Kickbacks for insurance agents?

The State of Florida has spoken and said it isn’t within our industry. What we need is not a COE change that ends this practice for members (that doesn’t stop non-inspectors from doing them), but rather legislation that requires these inspections to be performed by licensed home inspectors. Don’t let meaningless battles distract you from winning wars.

So … home inspectors should be allowed to pay kickbacks because contractors do? They already can.

What’s the difference between a contractor paying a kickback and a home inspector paying a kickback? Members are not prohibited from paying or receiving kickbacks.

As you eluded to in your revised your post …

… kickbacks are allowed under the present code of ethics.

And that’s the meaningless distraction (battle) I mentioned in post #39.

The real issue is that these inspections can legally be performed by anyone. That’s what needs to change (war).

It is certainly an opportune way of redefining the problem … but it doesn’t seem to address the concerns that are being expressed.

These guys are standing up against kickbacks. Not non-members.

Jim, you are confusing “non-members” with “non-inspectors” (although, I hope those two terms will be synonymous one day soon).

These inspections are being performed, legally, by non-inspectors who are not required to hold a home inspector’s license in Florida which is why standing up against the practice has no effect on them. They are not only non-members, they aren’t even home inspectors. Might as well stand up against the color purple for pizza delivery drivers. Meaningless battle. The war we need to fight is to require that these inspections be performed by licensed home inspectors.

So state law trumps Nachi Coe?, by that logic we can do repairs as well, no? The dec. statement allows for contractors and home inspectors to offer kickbacks to insurance agents for referrals. This association approves of members licensed in the state of Florida to actively market kickbacks to agents while flying the Nachi logos?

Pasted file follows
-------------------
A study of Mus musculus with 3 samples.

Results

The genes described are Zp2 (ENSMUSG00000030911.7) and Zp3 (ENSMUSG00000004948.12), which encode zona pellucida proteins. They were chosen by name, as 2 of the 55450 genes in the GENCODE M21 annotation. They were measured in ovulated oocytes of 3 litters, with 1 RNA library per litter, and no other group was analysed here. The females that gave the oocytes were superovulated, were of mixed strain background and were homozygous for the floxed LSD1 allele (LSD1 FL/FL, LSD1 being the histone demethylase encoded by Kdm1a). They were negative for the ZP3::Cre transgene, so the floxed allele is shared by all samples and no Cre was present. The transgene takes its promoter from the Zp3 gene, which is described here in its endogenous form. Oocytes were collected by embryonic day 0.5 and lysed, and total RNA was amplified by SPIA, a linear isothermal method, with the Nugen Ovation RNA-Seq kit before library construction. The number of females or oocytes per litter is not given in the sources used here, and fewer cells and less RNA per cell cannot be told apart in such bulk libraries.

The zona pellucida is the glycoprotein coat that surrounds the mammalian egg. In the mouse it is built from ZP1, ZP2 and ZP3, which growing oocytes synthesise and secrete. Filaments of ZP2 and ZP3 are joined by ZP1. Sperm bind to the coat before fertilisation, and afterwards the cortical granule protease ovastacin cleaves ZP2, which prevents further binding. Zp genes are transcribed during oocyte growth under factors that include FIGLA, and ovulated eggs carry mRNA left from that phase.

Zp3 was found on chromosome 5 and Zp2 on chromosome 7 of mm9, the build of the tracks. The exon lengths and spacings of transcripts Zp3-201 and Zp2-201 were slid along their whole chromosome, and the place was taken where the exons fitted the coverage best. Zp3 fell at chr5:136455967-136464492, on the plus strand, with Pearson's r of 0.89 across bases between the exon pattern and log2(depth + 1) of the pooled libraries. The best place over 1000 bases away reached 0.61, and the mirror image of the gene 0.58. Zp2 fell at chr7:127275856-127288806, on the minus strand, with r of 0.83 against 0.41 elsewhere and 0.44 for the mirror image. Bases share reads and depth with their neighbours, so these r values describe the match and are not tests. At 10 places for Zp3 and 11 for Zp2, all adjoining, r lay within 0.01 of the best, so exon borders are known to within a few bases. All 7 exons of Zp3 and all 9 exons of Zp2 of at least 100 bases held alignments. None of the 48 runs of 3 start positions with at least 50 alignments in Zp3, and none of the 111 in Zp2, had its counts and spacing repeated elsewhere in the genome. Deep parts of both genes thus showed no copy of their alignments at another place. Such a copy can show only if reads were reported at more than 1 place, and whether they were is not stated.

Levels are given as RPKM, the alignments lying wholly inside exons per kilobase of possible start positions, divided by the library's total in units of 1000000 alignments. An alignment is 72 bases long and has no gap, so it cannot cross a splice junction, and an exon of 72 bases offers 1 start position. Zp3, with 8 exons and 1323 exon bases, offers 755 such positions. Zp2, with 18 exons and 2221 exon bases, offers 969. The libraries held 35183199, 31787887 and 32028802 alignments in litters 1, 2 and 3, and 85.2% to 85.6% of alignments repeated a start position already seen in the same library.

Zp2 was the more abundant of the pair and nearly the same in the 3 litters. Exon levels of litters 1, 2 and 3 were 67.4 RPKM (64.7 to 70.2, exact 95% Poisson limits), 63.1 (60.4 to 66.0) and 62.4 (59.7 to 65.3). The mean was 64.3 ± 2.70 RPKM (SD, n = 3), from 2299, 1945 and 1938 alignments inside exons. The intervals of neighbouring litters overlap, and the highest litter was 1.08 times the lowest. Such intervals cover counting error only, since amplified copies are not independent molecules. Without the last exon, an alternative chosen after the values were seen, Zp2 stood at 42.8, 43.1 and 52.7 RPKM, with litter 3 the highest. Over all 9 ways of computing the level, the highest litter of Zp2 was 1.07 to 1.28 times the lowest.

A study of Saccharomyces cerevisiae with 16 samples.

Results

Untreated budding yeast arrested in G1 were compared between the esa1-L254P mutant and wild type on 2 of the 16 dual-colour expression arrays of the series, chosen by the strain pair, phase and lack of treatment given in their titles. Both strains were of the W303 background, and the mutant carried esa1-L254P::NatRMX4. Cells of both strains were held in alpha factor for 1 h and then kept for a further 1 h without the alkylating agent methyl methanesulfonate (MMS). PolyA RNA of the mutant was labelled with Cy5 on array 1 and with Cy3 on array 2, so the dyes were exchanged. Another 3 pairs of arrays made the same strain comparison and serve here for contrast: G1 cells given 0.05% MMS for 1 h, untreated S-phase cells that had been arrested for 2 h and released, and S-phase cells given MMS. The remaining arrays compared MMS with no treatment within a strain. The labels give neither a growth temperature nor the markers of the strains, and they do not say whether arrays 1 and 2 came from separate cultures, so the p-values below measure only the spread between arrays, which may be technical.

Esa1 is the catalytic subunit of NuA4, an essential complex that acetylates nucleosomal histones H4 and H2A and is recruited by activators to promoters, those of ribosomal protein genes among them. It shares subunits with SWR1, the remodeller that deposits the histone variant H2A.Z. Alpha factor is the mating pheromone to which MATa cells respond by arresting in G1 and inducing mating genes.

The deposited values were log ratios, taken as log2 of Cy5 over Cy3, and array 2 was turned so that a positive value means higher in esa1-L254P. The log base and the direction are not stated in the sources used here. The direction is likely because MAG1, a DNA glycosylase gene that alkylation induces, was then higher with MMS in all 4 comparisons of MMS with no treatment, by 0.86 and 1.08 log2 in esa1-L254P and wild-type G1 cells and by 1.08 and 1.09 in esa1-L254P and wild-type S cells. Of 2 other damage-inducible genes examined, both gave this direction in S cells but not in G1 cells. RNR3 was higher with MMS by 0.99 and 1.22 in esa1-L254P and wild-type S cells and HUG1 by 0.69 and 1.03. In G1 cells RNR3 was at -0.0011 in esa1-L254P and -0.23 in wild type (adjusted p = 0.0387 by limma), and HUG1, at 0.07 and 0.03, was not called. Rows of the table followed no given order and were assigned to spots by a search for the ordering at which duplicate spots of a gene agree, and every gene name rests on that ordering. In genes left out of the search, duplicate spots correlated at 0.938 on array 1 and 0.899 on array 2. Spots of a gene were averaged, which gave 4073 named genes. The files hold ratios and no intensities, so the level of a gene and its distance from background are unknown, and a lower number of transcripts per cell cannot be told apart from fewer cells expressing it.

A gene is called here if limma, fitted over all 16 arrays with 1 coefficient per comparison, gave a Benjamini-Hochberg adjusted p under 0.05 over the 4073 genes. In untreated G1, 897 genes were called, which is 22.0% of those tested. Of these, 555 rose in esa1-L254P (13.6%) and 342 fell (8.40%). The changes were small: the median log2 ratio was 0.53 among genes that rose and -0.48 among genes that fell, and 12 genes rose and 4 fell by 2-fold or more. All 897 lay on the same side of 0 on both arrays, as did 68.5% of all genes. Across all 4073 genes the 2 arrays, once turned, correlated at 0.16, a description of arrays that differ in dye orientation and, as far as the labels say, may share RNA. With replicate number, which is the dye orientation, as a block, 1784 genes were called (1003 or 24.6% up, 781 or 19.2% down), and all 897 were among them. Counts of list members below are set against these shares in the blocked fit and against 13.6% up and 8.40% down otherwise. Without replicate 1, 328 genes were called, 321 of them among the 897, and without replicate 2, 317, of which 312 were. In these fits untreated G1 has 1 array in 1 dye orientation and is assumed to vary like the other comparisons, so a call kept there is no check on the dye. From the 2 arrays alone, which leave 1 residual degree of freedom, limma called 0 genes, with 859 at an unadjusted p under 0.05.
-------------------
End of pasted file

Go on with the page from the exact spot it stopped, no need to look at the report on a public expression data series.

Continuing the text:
Nick said this would only happen over his “Dead Body”…:shock:

Btw, I easily turn down 100k of repair work annually, just to follow current accepted industry ethical practices. Should this be reevaluated?

Hell ya. You are qualified and they want you you should DAMN sure be able to make the money. Not your fault you have multiple qualifications.

All that protecting the clients is BULL S H IT… I said it once I’ll say it a thousand times.

It is only a rule to help those who CANNOT compete on their own merit.

Seems like an ethics buffet! This has been going on since the beginning. The associations just need to have balls and forbid it. The insurance agent association I am affiliated with prohibits it. I would likely leave Nachi if they allowed members to bribe agents.

Nick, you appear to be intentionally trying to muddy the waters by bringing in non members and non inspectors into the issue. As you know, you and I have had this debate. Again, this issue is about the ethics or lack there of for providing kickbacks to insurance agents for insurance related inspections. Try to stay with me here and on topic without trying to cloud the issue.

Why? Licensed home inspectors who belong to NACHI are allowed to pay and receive kickbacks, too. That is the issue that these guys are fighting … and were hoping that you would stand up against. Of course, we would have to fix things at home, first.

Why? Licensed home inspectors who belong to NACHI are allowed to pay and receive kickbacks, too. That is the issue that these guys are fighting … and were hoping that you would stand up against. Of course, we would have to fix things at home, first. That isn’t why you are wanting to redefine the issue, is it?

Stopping kick backs from Nachi members or Licensed home inspectors to insurance agents will not stop contractors from do it. When contractors control the insurance market they will take over the home inspection market also. They go hand in hand.

You are wasting your breath my friend. :wink:

The issue will become that the contractors will do the insurance inspections. Then, when the insurance companies implement their "4-point, mini home inspections, guess who will be doing those?

The State has seen fit to prohibit this activity for home inspectors. That should be the legal precedence to fight this particular issue.

what about repairs?

What about them?

I have said for years if you are a licensed contractor and can do the repairs, don’t let this orgs, or any others, rules stop you from making money.

so kickbacks and repairs are are ethically acceptable practices

Did I say they were ethical?
If they are legal, and they are for some, then now it becomes a personal choice.